Delayed hedging will continue to affect more businesses

Growing numbers of businesses are going to have to deal with the issue of delayed hedging according to recent reports. Businesses with risky currency exposure are being told to make a move and adopt a corporate fx strategy, or face being the next Sports Direct, who reportedly suffered a sixty percent profit drop as a direct response of a volatile currency market and the weaker pound of late.

It’s been said that businesses are realising the threat far too late and responding with hedging too slowly. This poor foreign exchange management is causing them to see some fairly staggering losses. It all comes down to mediocre forward planning, especially in light of the pounds recent behaviour.

In one particularly bad example, Sports Direct saw their pre-tax profit topple down to just £113.7m from £275.2m. That’s a staggering loss of well over £100m and is entirely due to fall in value of the pound and their lack of forward planning.

The goods the company imports for sale here in the UK have essentially risen heavily in price, brutally cutting into the company’s profit margins. A general lack of foresight in light of the falling value of the pound and their woefully insubstantial hedging strategy is what led to this circumstance, and you can guarantee it will keep happening to other businesses till notice is taken and strategies are put in place.

Do Not Underestimate Brexit

Businesses need to start taking Brexit and the currency shift into long-term consideration. For the next few months and years at the very least, Brexit is going to have some potent effects on the trading value and range of the pound. The effects of these shifts and changes are going to produce a wide range of potentially deeply costly economic, social and political circumstances for businesses, should they fail to plan long-term for them.

The UK Election Was Damaging Too

The one example everyone points to when it comes to recent downturns in the UK is Brexit, but let’s not forget the recent general election. The embarrassing snap-election called by Theresa May in a bid to cement power backfired powerfully as Labour made huge gains, and she was shown to be flailing and flapping in the media. None of which instils deep confidence in sterling.
Her sudden manoeuvre to couple up with the Irish DUP over a £1bln deal had yet another negative impact on the value and standing of the pound once again.

Despite all that the pound has continued to recover, and now stands in better stead against the dollar and Euro than it did a couple months ago. All this has provided some fairly lucrative opportunities for those invested in and carrying the right currency to make a lot of money. The value of the pound continues to rise in light of this.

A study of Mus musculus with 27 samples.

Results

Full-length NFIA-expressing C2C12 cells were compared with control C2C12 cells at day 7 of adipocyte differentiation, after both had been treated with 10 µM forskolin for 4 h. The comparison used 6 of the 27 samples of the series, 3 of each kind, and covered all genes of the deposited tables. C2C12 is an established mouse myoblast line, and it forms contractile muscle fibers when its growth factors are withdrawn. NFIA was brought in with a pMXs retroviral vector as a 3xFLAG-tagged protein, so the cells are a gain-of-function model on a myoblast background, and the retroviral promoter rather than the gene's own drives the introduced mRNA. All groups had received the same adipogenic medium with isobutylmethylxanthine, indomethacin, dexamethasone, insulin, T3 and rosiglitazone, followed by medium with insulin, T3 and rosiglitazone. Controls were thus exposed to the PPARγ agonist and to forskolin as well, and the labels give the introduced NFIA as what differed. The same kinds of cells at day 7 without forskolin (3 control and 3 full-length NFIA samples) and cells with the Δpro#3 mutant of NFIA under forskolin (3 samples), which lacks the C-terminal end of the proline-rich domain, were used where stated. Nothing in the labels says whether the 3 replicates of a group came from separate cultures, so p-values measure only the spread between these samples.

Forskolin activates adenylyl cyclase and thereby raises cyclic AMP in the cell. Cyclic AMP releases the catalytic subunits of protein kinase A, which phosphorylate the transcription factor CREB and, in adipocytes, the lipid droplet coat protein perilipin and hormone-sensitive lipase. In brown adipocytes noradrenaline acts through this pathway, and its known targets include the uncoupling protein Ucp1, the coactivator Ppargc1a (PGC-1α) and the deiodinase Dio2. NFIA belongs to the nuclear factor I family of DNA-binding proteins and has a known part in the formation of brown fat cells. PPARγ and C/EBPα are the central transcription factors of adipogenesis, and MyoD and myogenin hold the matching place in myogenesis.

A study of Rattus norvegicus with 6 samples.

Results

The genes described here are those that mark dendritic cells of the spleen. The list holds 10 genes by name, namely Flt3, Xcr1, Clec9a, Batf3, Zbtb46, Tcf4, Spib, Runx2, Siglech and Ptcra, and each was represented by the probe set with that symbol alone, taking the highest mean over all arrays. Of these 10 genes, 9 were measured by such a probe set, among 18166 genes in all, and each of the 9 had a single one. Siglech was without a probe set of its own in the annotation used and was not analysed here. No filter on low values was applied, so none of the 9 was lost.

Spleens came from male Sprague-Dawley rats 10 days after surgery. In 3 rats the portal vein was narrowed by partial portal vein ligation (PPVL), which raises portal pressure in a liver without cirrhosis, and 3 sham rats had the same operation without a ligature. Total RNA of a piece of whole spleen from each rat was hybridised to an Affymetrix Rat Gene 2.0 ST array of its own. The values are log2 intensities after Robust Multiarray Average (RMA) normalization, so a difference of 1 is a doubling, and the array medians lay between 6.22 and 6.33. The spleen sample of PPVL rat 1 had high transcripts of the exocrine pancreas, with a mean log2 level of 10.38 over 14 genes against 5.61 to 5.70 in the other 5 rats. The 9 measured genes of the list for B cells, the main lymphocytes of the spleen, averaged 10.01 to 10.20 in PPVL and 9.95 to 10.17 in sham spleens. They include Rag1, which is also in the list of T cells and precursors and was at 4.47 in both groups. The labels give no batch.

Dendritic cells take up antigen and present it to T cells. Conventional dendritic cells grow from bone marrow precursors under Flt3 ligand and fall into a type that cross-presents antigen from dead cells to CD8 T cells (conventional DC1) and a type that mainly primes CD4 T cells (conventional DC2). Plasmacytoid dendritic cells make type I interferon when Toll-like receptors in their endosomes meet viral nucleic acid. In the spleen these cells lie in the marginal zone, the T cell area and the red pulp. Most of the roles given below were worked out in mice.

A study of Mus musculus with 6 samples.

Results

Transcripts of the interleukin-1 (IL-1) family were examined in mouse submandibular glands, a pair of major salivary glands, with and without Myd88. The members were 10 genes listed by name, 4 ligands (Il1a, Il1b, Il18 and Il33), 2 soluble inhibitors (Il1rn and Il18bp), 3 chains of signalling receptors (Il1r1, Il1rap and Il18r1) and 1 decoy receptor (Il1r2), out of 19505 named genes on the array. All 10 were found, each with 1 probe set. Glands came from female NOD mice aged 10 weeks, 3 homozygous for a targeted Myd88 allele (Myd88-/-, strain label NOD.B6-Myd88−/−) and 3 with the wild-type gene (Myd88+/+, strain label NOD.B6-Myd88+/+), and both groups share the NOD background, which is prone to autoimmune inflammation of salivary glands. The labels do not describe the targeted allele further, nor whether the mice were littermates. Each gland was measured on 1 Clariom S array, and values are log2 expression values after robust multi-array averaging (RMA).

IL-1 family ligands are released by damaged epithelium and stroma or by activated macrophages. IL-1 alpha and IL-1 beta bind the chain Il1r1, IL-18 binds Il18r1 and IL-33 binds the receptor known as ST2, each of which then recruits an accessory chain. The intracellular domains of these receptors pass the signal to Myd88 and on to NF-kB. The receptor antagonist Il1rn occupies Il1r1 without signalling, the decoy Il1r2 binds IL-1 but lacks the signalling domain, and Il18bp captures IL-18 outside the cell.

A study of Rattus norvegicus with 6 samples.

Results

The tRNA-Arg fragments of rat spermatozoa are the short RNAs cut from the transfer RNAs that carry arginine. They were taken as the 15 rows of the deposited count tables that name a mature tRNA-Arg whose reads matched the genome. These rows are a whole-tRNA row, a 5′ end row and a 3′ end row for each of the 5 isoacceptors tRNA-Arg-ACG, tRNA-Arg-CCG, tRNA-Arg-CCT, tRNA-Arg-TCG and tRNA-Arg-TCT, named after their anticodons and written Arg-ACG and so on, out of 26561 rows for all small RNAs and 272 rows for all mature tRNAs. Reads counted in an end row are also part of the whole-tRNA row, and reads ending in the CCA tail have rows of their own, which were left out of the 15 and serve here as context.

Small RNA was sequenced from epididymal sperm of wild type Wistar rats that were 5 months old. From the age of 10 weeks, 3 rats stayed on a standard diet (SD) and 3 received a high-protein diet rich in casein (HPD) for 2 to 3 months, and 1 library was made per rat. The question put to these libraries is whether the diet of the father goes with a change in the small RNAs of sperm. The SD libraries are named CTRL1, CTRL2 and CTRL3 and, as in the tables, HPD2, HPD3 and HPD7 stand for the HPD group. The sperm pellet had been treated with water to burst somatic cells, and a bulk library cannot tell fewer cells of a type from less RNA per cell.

Recently the Bank of England posted some more promising figures regarding inflation, have re-evaluated their previous 2.9 percent figure, and upgraded it to 2.6 percent, which has caused the value of sterling to plummet swiftly.

That 0.2 percent inflation swing could therefore carry a huge impact for many companies’ books, suddenly costing them a big chunk of potential profit.

Throughout all these vast and meaningful economic and political shifts in the UK, we’ve seen the pound experience some changes in value, as well as some consistent recovery.

From the shock Brexit results direct knock on sterling value, to the sudden loss of confidence many people felt at Theresa May’s less than ideal performance in her own political gambit, the snap general election, to her newest U-turn, the plan to team up with the extreme Irish DUP, at a cost to the UK taxpayer of £1bln. It’s all very negative as far as the value of the pound is concerned.

If your business is exposed to currency shifts, regardless of whether that’s importing or exporting products and materials, you need to be forward planning and making sure you’re fully protected against the currency risks. You can face some pretty crushing losses, like the £100m plus in Sports Direct’s case, and you need to take that risk into some fairly hefty consideration.

While the deceptively tiny shift of one or two percent might not seem much to the untrained eye, for a business moving millions around, it can be a disastrous loss of capital. Taking forward exchange into consideration, and creating a sturdy overall plan is, in many ways, the best way to be sure that your business is safe from a tumultuous and shifting currency value.